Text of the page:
TEAM: Patricia Perez, Eduardo Micha, Fabio Correa, Gabriel Merino, Christian Rodrigez – ARQMOV WORKSHOP
Awakening, The Spiritual Rehab Cocoon.
The project is located in the Sian Ka’an natural reserve, one of the last remaining carbon-capturing forests and the second largest coral reef in the world. The reserve facilitates eco-tourism and environmental thinking along a section of the Caribbean coast within a Mayan area of Mexico.
The site for this project is divided in two, one part having views to the sea and the other being on the shore of a lagoon. This situation offers two prospects within the one complex, separated only by a road.
The client’s concept is about inviting the users to take a unique, introspective journey where they can experience, as the name suggests, an awakening to a new, regenerated self, whereby the experience of lodging becomes integrated into the natural environment. The complex promotes healthy eating and local gastronomy as well as activities that will strenghten the mind, body and spirit. It encourages a connection with nature, the community and with the visitors themselves and fosters consciousness in tourism.
The design concept emulates the forms of natural shelters: the nest, the burrow, the cave, the shell, the cocoon; geometry as the basis for the analysis and creation of the universe, nature and reason. The organic profile of these shelters became a reference to develop the architectural elements that form this complex. The area of contact with the site is minimal, so as to reduce the impact on the site and to protect its natural vegetation, most of which is endangered.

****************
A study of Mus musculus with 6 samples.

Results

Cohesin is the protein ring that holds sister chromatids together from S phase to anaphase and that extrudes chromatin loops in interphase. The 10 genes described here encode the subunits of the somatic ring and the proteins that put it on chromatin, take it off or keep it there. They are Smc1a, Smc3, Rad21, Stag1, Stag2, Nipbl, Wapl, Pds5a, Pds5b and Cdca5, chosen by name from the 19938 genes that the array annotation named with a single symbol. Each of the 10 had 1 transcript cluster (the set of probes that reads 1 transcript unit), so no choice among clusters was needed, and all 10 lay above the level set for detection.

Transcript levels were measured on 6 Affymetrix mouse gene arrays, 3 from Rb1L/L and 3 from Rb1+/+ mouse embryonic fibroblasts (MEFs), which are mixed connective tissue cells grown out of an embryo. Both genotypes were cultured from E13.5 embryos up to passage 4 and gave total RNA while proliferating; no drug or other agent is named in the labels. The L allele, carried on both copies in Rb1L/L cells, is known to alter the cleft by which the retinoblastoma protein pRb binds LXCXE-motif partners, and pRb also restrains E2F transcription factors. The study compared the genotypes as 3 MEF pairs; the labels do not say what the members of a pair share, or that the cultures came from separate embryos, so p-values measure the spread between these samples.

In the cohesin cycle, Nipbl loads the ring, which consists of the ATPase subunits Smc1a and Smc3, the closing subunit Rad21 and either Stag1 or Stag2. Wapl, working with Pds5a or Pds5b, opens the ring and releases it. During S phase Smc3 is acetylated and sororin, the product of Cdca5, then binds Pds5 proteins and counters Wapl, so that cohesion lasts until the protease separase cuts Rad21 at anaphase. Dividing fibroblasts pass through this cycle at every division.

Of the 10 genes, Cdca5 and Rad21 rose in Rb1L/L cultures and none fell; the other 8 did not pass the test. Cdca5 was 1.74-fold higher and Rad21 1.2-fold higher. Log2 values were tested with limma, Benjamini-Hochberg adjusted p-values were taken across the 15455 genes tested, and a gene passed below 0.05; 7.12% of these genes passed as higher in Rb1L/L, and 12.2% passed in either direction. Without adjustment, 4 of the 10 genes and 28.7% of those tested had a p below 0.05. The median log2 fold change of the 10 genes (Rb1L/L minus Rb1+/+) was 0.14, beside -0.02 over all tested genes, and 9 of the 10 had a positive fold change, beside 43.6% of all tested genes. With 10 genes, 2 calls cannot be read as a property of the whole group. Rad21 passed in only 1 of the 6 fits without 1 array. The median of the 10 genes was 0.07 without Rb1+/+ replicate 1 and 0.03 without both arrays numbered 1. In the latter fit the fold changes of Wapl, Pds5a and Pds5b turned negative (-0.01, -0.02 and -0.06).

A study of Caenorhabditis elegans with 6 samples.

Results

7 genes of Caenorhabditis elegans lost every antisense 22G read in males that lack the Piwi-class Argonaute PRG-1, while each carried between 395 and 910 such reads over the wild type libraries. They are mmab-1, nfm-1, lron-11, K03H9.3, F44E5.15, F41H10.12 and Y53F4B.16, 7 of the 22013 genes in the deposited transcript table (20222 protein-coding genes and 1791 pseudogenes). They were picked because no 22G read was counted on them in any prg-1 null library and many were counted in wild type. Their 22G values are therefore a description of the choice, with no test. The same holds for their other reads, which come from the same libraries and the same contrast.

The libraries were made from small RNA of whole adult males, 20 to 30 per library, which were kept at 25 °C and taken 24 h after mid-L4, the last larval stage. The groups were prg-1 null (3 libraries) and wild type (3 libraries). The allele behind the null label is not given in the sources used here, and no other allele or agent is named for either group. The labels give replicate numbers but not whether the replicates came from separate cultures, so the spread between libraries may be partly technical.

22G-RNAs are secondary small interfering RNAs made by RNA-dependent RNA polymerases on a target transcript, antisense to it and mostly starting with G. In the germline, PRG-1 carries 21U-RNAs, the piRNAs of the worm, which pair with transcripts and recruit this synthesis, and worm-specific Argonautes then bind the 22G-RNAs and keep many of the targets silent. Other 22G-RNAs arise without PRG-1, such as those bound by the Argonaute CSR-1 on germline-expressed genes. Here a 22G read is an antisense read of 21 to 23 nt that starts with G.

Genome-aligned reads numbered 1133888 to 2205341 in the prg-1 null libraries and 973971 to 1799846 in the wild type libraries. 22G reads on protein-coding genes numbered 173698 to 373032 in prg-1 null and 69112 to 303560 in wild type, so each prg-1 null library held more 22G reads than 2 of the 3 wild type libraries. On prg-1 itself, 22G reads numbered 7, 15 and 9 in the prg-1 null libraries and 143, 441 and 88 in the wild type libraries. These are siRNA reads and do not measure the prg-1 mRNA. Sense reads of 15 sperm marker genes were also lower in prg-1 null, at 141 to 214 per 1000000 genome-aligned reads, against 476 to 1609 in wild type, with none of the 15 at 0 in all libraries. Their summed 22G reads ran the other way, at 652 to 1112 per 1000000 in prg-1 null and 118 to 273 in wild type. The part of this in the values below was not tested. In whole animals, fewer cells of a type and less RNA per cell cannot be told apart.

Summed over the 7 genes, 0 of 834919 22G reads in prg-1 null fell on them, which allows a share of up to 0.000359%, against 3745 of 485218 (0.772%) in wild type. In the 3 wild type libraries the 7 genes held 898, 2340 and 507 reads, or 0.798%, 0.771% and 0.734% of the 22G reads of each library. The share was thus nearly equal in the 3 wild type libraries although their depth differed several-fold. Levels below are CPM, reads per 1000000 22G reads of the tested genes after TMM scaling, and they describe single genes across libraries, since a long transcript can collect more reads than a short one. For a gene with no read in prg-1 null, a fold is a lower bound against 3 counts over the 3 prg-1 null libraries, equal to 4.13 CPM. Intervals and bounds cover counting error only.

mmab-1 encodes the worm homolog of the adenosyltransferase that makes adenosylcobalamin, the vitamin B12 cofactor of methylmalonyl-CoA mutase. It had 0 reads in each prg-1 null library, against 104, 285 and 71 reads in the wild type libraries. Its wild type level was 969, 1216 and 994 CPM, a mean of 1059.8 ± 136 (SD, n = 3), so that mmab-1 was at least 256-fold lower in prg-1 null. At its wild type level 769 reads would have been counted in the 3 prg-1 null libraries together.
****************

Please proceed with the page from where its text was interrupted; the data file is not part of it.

The complex comprises 12 cocoon-shaped modules which function as living spaces, organised around a very simple plan: living and sleeping areas plus facilities. The geometry of this object is realised by a series of bamboo curves revolving around a central axis in the manner of a spinning top. At the main level, that is, 3 metres above ground, its diameter is 5 metres, while the base at ground level has a diameter of 1 metre. On the upper level and above the mezzanine, rainwater is collected and stored for household consumption, this reduces the demand for drinking water, difficult to supply to this area. These units are connected by means of vertical elements and suspension bridges.
The cocoon has been conceptualised as a prototype, a repeatable object that can be installed anywhere. It can, if required, be transferred to another place without leaving an imprint on the land.
The amenities programme is complemented by several elements which guide the interpretation of the project: the form of the reception area is reminiscent of a hummingbird nest, the restaurant’s is a sea snail, while the structure that contains the multiple use room emulates a tortoise shell and the pool bears the form and texture of an open bird nest. The facilities are resolved within small geometrical modules.
Power is supplied by means of wind turbines, wastewater treatment plants and solar panels. The system achieves a complete water cycle with no disposal into
the aquifer. Waste management envisages crops growing on the land and protection of mangrove swamps.